Tracee Ellis Ross on Entrepreneurship & Supporting Black Businesses

By Vanessa Etienne

Tracee Ellis Ross has always dreamed of being an entrepreneur. And in 2019 with the launch of her haircare line Pattern Beauty — a curly girl-friendly collection of shampoos, conditioners, gels, creams, tools and more — the Black-ish star, 49, made that dream a reality.

“I wanted to have a business and I wanted to have creative control over that business. And I wanted to be able to build that business so that it would meet the needs of a community that were not being met,” the now founder and CEO tells PEOPLE exclusively.  

Though Ross didn’t initially know anything about entrepreneurship, the actress says half of the battle is understanding that your idea has enough “promise” to fill a void that exists. That’s why she’s partnering with H&M and Nikki Porcher, founder of nonprofit Buy From a Black Woman, to amplify Black women business owners by investing in equal access to resources and capital.   

“In the last two years, we’ve seen a lot of performative interest in supporting Black people. This is an opportunity to actually do the work to expand the equity and the resources for a group of contributing citizens who have something to share,” Ross explains. 

The High Note actress admits that she’s very intentional when it comes to using her platform to support Black women — noting her past decision to only wear outfits made by Black designers while hosting the 2018 American Music Awards. 

“I’m a lover of fashion. I’m a lover of beauty products and the beauty industry. So it’s a natural thing for me,” she says of supporting her community. “But I do make a conscious choice in certain places to use my body and my platform and my voice to uplift in areas that aren’t always getting that attention.”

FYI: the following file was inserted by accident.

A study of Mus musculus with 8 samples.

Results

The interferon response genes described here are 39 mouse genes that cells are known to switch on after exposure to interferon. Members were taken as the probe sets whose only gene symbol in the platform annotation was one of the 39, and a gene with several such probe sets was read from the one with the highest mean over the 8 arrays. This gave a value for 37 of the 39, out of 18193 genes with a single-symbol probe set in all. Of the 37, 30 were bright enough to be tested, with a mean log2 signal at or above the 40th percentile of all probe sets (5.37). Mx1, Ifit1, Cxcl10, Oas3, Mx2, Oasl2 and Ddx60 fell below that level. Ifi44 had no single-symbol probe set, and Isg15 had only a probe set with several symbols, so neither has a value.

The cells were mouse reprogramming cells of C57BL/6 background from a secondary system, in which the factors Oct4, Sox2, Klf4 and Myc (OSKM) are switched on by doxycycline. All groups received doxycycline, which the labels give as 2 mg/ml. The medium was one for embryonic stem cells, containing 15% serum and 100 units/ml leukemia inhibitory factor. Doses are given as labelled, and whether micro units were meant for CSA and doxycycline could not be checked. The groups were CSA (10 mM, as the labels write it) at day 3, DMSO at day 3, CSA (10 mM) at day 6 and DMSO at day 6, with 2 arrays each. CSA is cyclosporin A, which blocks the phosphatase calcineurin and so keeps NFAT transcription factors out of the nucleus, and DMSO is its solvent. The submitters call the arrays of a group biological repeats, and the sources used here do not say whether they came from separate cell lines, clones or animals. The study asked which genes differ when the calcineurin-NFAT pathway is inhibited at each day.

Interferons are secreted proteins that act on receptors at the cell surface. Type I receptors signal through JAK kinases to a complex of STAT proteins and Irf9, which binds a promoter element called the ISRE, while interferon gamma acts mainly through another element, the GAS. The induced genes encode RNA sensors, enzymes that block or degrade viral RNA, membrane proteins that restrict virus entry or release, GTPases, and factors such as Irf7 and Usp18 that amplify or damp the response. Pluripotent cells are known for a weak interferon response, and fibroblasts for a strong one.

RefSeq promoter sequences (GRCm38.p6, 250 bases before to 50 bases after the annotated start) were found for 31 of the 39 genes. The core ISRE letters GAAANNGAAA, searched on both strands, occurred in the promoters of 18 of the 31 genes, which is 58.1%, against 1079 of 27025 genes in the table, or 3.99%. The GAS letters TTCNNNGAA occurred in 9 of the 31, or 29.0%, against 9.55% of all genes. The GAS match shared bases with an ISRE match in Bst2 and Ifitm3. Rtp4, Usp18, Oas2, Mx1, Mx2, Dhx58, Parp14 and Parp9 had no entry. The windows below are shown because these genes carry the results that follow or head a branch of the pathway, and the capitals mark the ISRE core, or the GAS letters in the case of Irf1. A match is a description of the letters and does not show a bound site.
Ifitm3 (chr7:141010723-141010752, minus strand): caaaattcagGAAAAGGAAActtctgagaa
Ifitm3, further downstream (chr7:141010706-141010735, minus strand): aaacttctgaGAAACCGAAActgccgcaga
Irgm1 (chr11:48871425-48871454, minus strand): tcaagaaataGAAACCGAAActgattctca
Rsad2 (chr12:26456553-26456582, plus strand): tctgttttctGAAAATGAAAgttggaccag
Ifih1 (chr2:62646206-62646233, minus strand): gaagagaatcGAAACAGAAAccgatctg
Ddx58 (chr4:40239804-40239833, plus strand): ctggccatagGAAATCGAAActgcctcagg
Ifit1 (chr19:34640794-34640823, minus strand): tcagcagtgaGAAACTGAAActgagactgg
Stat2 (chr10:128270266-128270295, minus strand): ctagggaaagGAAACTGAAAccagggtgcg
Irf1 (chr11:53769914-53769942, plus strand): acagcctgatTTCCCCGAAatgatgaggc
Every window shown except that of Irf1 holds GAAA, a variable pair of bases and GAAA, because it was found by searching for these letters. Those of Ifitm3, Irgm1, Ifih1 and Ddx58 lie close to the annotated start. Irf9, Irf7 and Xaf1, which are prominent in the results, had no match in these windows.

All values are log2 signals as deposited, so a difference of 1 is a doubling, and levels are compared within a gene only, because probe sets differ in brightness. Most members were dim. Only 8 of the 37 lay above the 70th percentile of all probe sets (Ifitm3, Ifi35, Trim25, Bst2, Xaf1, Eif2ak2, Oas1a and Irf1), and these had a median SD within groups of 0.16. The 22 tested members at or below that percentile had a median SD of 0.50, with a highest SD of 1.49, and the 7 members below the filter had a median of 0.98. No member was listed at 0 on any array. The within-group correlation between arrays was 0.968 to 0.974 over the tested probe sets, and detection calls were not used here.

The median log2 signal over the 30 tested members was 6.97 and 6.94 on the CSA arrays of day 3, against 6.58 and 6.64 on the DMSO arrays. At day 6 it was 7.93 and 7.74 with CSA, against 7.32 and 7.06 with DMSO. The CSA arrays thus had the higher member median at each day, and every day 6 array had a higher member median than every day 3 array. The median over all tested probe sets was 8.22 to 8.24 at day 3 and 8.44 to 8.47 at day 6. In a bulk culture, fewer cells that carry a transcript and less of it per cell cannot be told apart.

And by launching her own company nearly three years ago — a venture she says was a decade years in the making — Ross says she’s able to uplift in more ways than she expected, gaining a newfound confidence in herself and providing that to others as well.

“As a child, I had no opinions or thoughts about my hair. I didn’t even know it was a thing that I should have opinions or thoughts about,” Ross says. “But then you hit teenage life and you’re comparing yourself to everyone else, and what everyone is telling you makes you desirable or not.”

“I didn’t always have this kind of confidence or relationship with my hair. The truth is, the majority of my hair confidence has come with my products,” the star adds of Pattern Beauty. “I have a lot of pride in my hair. I enjoy my hair, I am tickled by my hair. I used to say I worked for my hair, but now I think my hair is just a really good extension of who I am and my creativity and it can do anything.”

The Emmy-nominated actress believes companies have a responsibility to provide items that “celebrate” beauty rather than putting forth ideas that “you weren’t something and you need this [product] in order to be it.”


“The other day, I was watching some morning show and a hairstylist was doing a slicked back look and they were using my stronghold gel,” she recalls. “And I was like, ‘Oh my God! Oh my God!’ It’s still really exciting to me because, you know, Pattern was my baby. Like I said, it was 10 years.” 

“I feel like it reminds me of the beauty— things like that, that’s really what it’s all about,” Ross continues. “So often culture mirrors back to [Black women] that there’s something wrong with the way our hair grows out of our heads. And I’m so grateful when I feel like pattern is an access way for them, an on ramp into loving their authentic beauty.”